Medicare Prescription Drug Coverage For Dummies
  • If you're age 65 or older: You qualify for Medicare as soon as you reach age 65 if you or your spouse has worked long enough to entitle you to Social Security or Railroad Retirement benefits, even if you're not yet receiving them. You usually need at least 40 credits (amounting to about ten years of work) to become eligible for these retirement benefits, which are paid through monthly checks.

    Anyone with enough work credits can claim these benefits from the age of 62 onward, though doing so means accepting lower payments than when starting at or after full retirement age. (For people born between 1943 and 1954, full retirement age is now 66.) But remember — even if you claim these benefits early, you still have to wait until age 65 to qualify for Medicare.

    The annual statement you receive from Social Security says whether you qualify for Medicare or, if you're not eligible yet, when you will be. If you lose your statement, call Social Security at 800-772-1213 to ask for a replacement.

  • If you're younger than 65 and have disabilities: You're entitled to Medicare at any age if you have a severe illness, injury, or disability that prevents you from earning more than a certain amount of money each month and you've received Social Security disability benefits for at least 24 months. These months need not be consecutive.

    Anyone diagnosed with Lou Gehrig's disease (Amyotrophic Lateral Sclerosis, or ALS) doesn't have to wait 24 months to join Medicare. If you think you may qualify and want to find out the earnings limits that apply to your circumstances, call Social Security at 800-772-1213 or visit the website.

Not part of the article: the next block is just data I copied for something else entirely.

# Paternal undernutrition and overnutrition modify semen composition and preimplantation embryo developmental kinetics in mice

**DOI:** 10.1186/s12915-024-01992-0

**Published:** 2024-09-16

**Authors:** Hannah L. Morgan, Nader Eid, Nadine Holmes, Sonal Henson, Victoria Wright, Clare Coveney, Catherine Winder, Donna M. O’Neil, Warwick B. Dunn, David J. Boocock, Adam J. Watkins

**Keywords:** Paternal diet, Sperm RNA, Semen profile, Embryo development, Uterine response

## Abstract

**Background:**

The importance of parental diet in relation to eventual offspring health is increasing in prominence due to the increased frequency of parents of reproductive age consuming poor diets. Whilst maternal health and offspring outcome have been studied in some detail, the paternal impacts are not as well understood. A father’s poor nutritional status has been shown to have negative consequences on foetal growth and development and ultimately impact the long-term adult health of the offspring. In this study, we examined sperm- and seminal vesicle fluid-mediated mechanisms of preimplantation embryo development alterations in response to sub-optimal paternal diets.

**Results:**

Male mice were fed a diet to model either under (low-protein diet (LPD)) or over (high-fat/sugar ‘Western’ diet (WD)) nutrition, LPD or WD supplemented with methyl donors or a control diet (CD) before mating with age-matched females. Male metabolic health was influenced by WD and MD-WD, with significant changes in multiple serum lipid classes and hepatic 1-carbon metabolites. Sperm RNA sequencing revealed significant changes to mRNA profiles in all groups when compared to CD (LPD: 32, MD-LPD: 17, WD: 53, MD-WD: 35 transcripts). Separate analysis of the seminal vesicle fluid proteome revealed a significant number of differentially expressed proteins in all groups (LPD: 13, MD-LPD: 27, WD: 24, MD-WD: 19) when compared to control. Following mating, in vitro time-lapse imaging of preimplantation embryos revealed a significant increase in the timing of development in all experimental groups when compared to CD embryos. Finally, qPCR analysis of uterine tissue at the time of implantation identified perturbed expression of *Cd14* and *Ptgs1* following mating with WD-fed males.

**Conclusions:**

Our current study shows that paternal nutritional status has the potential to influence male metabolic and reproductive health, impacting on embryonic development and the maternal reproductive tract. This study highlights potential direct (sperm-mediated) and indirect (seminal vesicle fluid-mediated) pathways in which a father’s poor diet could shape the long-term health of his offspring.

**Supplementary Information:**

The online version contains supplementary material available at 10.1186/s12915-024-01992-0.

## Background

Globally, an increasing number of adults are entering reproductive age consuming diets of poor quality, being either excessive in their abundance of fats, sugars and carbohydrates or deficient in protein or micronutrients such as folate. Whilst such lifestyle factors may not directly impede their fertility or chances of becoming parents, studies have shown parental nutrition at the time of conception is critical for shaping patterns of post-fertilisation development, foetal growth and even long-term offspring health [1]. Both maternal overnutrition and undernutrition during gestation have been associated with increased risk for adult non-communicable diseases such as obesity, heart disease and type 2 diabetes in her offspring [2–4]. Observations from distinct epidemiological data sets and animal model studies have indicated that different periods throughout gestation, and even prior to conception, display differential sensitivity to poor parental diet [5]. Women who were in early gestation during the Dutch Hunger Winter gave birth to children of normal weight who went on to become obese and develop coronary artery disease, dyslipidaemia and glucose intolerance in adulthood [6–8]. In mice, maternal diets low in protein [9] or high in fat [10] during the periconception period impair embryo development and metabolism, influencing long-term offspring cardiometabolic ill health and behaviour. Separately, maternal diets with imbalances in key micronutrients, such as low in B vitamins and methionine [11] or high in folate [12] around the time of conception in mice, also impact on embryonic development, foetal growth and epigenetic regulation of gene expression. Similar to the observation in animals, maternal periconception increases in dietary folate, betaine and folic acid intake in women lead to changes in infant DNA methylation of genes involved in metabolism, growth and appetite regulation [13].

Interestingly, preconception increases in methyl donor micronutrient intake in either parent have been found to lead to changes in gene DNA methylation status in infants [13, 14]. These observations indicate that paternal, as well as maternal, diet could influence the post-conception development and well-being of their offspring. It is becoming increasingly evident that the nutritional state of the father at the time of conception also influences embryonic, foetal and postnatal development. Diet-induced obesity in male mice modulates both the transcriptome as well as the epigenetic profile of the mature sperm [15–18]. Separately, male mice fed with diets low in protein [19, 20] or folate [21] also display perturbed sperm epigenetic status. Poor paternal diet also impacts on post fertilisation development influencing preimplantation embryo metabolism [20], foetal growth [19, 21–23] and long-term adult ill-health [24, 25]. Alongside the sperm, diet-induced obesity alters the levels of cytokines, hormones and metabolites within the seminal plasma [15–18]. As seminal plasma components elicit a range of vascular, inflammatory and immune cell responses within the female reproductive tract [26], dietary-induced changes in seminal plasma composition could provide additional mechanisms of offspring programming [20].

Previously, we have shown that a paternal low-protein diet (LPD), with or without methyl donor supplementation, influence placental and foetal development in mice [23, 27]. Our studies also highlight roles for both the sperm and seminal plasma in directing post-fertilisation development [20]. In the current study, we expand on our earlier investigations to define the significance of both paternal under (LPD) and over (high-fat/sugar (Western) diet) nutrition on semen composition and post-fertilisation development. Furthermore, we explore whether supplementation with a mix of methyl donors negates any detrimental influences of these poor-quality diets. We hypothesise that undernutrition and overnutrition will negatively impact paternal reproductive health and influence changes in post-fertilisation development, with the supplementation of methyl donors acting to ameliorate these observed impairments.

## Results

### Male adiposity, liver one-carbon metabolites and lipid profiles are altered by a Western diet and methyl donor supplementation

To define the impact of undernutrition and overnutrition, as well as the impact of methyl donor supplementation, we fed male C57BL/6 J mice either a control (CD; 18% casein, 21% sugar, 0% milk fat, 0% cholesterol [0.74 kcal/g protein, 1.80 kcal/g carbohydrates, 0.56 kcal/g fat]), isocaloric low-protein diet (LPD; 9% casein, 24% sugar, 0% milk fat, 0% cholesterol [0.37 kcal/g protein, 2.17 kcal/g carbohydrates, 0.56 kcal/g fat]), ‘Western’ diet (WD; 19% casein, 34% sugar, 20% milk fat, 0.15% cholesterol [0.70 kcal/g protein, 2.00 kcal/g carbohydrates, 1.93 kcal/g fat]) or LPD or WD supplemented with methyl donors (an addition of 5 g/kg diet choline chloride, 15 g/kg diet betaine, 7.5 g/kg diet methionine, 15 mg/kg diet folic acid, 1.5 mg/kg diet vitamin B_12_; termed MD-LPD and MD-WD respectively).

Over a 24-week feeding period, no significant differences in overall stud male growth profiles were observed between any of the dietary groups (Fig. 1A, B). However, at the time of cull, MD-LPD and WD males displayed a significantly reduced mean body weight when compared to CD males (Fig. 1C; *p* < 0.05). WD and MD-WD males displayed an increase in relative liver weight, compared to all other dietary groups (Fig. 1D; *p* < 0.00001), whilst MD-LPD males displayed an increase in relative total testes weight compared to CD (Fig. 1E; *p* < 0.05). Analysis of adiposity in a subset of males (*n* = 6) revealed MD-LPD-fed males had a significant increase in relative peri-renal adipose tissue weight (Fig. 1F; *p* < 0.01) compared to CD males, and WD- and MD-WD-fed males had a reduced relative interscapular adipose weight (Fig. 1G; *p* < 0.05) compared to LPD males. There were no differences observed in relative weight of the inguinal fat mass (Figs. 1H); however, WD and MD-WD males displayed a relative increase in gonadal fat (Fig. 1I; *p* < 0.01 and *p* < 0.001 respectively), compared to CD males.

• If you have permanent kidney failure: You're entitled to Medicare at any age if you have end-stage renal disease (ESRD) — usually defined as needing a kidney transplant or regular dialysis — and if you or your spouse has paid into Social Security through work for a certain length of time. This period depends on how old you are. For specific eligibility information, visit the Social Security website or call them at the number listed above.

  • If you don't qualify for Medicare: If you're 65 or older but don't have enough work credits, you may be able to buy into the system by paying premiums. You can buy in only if you're an American citizen or a legal resident (green card holder) who has lived in this country continuously for at least five years.

  • The premiums for Medicare Part A (hospital insurance) are pretty hefty for people who don't qualify for Medicare — the amount varies depending on how many work credits you have — but they're probably less expensive than insurance you can buy yourself. Purchasing Medicare Part A makes you eligible for other Medicare benefits, like prescription drug coverage. If you work long enough to earn enough credits to qualify for Medicare in the future, you no longer have to pay Part A premiums.

About This Article

This article is from the book:

About the book author:

Patricia Barry is a senior editor at the AARP Bulletin and a recognized expert on the Medicare Part D prescription drug program. During a long career in journalism, she has authored thousands of articles and two guidebooks on healthcare and social policy. Since 1999, she has specialized in writing about Medicare and prescription drugs.